The challenge with American’s edamame consumption is the fact that at least 70% is imported from China. But an interdisciplinary team of researchers from the Virginia Tech College of Agriculture and Life Sciences is out to change that.
Established in 2009, the Virginia Livestock Hall of Fame bestows honor and recognition on outstanding Virginians who have made significant contributions to the state’s livestock industry and its people.
Weaver, professor of entomology in the College of Agriculture and Life Sciences, director of Virginia Tech Pesticide Programs, and Extension coordinator of pesticide programming, has been conferred the title of professor emeritus by the Virginia Tech Board of Visitors.
A member of the university community since 1981, Veilleux conducted genetic research on potatoes, strawberries, tomatoes, tobacco, and orchids that contributed significantly to our knowledge of plant genetics and genomics.
In his new position, Meacham will lead the Advancement Team, which is comprised of development, alumni relations, and communications and marketing professionals. The team works to increase engagement and philanthropic support for the college and Virginia Cooperative Extension.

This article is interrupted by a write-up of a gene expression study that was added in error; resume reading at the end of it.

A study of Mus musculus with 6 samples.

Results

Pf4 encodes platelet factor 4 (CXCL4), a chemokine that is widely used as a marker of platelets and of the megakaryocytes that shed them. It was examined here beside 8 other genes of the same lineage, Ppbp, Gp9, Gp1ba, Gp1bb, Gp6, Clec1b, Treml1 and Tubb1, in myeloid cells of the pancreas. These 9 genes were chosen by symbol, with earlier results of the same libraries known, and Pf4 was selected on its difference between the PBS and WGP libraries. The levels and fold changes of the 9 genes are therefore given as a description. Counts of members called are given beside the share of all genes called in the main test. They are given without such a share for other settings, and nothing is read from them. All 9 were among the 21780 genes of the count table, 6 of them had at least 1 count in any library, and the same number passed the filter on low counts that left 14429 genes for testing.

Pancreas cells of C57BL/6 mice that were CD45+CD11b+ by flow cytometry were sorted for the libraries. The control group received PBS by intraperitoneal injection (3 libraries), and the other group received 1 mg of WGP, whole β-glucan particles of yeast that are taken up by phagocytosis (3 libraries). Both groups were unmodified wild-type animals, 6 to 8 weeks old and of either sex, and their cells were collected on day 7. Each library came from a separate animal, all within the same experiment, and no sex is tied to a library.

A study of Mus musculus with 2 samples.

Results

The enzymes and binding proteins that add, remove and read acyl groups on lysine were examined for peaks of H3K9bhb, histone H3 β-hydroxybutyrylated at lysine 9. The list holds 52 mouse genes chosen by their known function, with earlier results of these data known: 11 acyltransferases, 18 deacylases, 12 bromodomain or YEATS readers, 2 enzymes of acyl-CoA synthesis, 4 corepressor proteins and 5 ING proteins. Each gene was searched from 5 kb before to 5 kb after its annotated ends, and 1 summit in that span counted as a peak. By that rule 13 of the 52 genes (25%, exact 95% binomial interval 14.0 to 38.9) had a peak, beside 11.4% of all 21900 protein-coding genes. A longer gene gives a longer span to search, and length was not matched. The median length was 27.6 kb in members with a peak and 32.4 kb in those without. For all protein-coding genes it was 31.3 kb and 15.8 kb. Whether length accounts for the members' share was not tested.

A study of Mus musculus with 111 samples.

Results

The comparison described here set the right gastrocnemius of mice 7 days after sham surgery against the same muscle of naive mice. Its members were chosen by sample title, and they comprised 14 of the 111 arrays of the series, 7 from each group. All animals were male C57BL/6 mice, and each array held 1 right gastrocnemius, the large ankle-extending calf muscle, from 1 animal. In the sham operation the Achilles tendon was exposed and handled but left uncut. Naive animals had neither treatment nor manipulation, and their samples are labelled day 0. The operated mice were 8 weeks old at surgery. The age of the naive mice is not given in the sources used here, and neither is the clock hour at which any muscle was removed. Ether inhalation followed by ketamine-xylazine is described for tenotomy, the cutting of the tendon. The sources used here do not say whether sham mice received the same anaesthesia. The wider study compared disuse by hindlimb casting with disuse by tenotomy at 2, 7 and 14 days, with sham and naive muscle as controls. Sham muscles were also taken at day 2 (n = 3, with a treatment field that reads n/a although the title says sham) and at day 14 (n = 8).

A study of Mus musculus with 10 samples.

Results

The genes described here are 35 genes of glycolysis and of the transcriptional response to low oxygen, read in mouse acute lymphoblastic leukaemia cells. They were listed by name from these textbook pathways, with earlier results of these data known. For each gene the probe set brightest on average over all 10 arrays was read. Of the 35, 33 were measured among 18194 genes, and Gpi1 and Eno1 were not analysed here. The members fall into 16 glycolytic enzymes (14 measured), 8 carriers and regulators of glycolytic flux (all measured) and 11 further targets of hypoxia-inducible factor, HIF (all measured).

Rogers — a former member of the Virginia Tech Board of Visitors and strong supporter of the university’s agricultural technology program — has been selected as state winner of the Swisher Sweets/Sunbelt Expo Southeastern Farmer of the Year award.
As the University Libraries liaison to the College of Agriculture and Life Sciences, Haugen provides workshops and services for College of Agriculture and Life Sciences faculty, including those in the Agricultural Research and Extension Centers across Virginia.
The two leading research institutions are establishing a partnership to collaborate on research and development. The partnership will not only benefit their home countries, but citizens around the globe.
Virginia Cooperative Extension was awarded a $1.28 million grant by the U.S. Department of Agriculture’s National Institute of Food and Agriculture. The five-year grant will support health education initiatives aimed at preventing opioid abuse among vulnerable communities in Virginia.
This month, Virginia 4-H launched the “Bills for Brazil” campaign to solicit donations through Virginia Tech’s JUMP crowdfunding platform. Their goal of $4,999 will help expand the program and reach more educators and students in Brazil.
“It’s a dangerous plant but I’m not overly concerned about it. This seems to be an isolated incident,” said Virginia Tech’s Michael Flessner, an assistant professor and extension weed science specialist.